There’s still no timetable on reopening, but rebuilding is moving along for the historic Sandusky State Theatre.
SANDUSKY, Ohio — A historic landmark in Sandusky is slowly working toward reopening.
On June 10, 2020, a severe storm tore through part of the Sandusky State Theatre, ripping off the roof and destroying the stage.
Executive director Chris Parthemore says he still can’t believe how much damage the storm caused that day.
“It’s been very apparent the past year how important the theater is to the community,” said Parthemore.
Since that day just over a year ago, the roof has been replaced but there’s still a lot of work to be done.
The historic theatre opened in 1928 and has seen its share of talent – from B.B. King, Shirley Temple, and Willie Nelson, as well as comedians and Broadway shows.
Downtown business owner and theater board member Ryan Whaley says there’s definitely been a hole in the community since the theater closed. But it’s also hard to judge the impact because of the pandemic.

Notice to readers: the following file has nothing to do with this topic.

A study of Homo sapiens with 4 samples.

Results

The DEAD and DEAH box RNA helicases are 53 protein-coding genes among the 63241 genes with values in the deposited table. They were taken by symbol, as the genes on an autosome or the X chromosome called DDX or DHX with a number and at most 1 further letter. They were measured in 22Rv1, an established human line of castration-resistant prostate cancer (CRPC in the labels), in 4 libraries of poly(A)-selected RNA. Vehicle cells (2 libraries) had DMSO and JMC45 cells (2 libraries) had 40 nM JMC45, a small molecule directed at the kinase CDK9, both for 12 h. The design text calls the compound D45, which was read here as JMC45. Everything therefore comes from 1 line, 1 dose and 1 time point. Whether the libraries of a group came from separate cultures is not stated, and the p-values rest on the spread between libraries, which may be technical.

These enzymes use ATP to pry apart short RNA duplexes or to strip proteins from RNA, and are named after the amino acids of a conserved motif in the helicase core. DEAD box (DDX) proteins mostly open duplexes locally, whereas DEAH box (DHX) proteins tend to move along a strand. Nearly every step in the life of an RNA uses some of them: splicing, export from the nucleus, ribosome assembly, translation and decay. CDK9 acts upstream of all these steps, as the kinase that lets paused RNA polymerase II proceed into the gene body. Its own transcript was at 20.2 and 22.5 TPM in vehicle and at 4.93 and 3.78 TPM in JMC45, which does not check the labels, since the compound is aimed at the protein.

“Right now we’re seeing this resurgence downtown,” said Whaley, “but you’re definitely missing out. There is a group of people that come for shows, they come for dinner and we’re definitely looking forward to getting them back.”
“We’re looking at, should we have a problem again, or what do we do in the wintertime when it’s slower around here,” said Whaley. “How can we make the theater more impactful? So we definitely took a lot of lessons from this and use this as an opportunity more than anything else.”
Right now, the theater is working with an architectural firm out of Cleveland on rebuilding plans and bringing the building up to code. Although there’s no timetable on when the theatre could see its doors back open, Parthemore believes with the pandemic winding down, when the theater does finally reopen to the public, there won’t be an empty seat in the house.
“One of the great things about the entertainment industry is it’s what is going to help bring the economy back,” said Whaley.